There used to be two things that my mum would regularly commission from me for breakfast on Christmas morning. The first (strawberry daiquiris) has been banned from Riches family festive proceedings since 2006 due to the fact that everyone was so smashed by 10.00 a.m. that Christmas lunch became all but impossible. We now have a vastly more civilised Campari and orange and / or champagne cocktail while we open presents which seems to make it easier to get to the post – pudding glass of Benedictine.The other thing is my peaches poached in rose geranium syrup.
I got the idea of cooking with rose geranium while working for a friend who ran a business making exquisite ice-creams and sorbets. It really is gorgeous, like turkish delight without the sugar. This is an absurdly simple dish and the only difficulty lies in finding some rose geranium. You can’t buy it from a regular grocer so I have some of my own growing happily on my deck. Make sure the peaches are almost ripe and poach them until just tender. This ensures the best chance of the skin staying in good condition. The skin isn’t good to eat but I like to keep it on for presentation because they blush the colour of sunset when cooked and look very beautiful served with a dollop of the pink syrup in a white bowl. I like white peaches more to eat but the ordinary yellow peaches look prettier.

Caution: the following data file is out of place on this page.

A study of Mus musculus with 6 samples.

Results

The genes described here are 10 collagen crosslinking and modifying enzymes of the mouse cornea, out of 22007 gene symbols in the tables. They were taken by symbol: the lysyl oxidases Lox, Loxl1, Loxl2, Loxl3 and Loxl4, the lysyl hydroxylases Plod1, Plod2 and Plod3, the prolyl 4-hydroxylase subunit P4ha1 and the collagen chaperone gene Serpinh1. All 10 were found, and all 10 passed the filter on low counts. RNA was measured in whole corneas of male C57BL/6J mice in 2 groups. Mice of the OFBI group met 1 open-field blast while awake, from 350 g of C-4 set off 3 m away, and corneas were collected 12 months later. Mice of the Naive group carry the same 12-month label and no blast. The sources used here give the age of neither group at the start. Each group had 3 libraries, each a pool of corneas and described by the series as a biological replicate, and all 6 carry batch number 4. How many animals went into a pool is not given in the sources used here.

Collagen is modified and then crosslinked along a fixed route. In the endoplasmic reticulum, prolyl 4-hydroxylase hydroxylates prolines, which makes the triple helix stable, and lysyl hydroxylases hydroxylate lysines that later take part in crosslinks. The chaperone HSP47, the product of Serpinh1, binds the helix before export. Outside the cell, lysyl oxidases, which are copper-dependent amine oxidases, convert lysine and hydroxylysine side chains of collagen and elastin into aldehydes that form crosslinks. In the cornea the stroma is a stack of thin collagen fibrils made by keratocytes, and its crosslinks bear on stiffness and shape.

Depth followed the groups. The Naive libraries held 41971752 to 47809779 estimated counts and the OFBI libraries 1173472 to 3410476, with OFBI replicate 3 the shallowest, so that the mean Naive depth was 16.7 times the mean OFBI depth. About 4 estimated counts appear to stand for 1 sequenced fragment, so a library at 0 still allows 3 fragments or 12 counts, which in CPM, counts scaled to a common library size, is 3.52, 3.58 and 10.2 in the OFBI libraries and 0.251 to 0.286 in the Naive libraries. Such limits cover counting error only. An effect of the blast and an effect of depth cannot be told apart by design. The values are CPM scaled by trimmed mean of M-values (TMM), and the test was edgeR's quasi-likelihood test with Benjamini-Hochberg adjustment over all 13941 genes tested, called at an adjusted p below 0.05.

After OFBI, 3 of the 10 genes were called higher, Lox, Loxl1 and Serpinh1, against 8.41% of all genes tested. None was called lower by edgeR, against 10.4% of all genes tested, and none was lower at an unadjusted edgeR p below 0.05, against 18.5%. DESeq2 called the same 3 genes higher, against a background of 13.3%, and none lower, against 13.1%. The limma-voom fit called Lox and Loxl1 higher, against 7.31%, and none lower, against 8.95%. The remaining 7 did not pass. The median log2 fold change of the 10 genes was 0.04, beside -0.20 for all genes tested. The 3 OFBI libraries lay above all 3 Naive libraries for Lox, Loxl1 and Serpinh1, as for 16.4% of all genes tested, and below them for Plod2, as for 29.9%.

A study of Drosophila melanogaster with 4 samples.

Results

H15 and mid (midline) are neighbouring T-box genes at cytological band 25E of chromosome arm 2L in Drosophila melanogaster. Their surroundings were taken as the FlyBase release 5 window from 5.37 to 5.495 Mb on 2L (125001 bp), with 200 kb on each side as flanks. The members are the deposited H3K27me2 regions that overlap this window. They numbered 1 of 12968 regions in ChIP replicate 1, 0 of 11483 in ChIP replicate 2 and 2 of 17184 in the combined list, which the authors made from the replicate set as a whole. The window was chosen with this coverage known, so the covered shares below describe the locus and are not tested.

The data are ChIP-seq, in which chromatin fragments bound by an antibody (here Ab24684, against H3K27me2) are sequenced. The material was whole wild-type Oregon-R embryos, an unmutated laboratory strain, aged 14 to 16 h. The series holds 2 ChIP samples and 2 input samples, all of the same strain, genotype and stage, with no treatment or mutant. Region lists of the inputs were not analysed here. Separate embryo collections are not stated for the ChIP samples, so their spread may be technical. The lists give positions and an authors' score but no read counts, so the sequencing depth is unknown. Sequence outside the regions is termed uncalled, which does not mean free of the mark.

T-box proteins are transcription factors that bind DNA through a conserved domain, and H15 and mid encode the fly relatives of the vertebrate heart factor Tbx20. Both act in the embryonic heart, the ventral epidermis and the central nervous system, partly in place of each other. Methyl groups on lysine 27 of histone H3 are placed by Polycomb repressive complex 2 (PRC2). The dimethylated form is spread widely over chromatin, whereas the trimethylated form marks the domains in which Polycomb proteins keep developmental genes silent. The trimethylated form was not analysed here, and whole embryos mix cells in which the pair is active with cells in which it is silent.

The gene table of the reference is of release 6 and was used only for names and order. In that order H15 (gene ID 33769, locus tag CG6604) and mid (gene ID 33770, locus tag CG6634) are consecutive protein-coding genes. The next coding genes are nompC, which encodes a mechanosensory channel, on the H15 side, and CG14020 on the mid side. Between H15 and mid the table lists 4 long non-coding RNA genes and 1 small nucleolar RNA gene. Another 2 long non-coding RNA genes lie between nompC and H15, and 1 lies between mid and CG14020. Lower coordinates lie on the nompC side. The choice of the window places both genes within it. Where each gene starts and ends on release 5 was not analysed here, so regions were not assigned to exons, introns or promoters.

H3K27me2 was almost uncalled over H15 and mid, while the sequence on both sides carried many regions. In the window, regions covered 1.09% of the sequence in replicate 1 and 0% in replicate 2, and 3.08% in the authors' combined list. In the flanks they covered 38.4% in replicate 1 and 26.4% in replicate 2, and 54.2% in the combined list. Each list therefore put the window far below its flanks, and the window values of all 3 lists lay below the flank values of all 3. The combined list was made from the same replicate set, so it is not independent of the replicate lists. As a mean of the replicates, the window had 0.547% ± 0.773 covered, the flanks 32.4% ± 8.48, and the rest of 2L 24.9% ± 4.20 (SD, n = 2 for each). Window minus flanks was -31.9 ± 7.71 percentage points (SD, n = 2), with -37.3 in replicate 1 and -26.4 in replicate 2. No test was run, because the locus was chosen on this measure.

Rose geranium peaches
- Firm, almost ripe white or yellow peaches, skin in good condition (1 per person)
- Quantity of light sugar syrup (1 part sugar to 2 parts water) – enough to cover your peaches.
- 1 large or 2 small sprigs of rose geranium leaves or flowers, washed
To make your sugar syrup stir together the sugar and cold water in a heavy based pan until the sugar is dissolved. Bring it to the boil and then drop it back to a gentle simmer. Add the rose geranium leaves and simmer very gently for 5 – 10 minutes. Do not boil the syrup too hard or the rose geranium will turn a bit bitter. Gently add your peaches and simmer gently, covered, until peaches are just tender. You can stir them once or twice but be careful not to break the skin. When tender, remove the peaches from the syrup and allow the peaches and syrup to cool separately. Remove the rose geranium from the syrup and gently return the peaches to the cooled syrup. The peaches will keep quite well in a sealed, sterilised jar.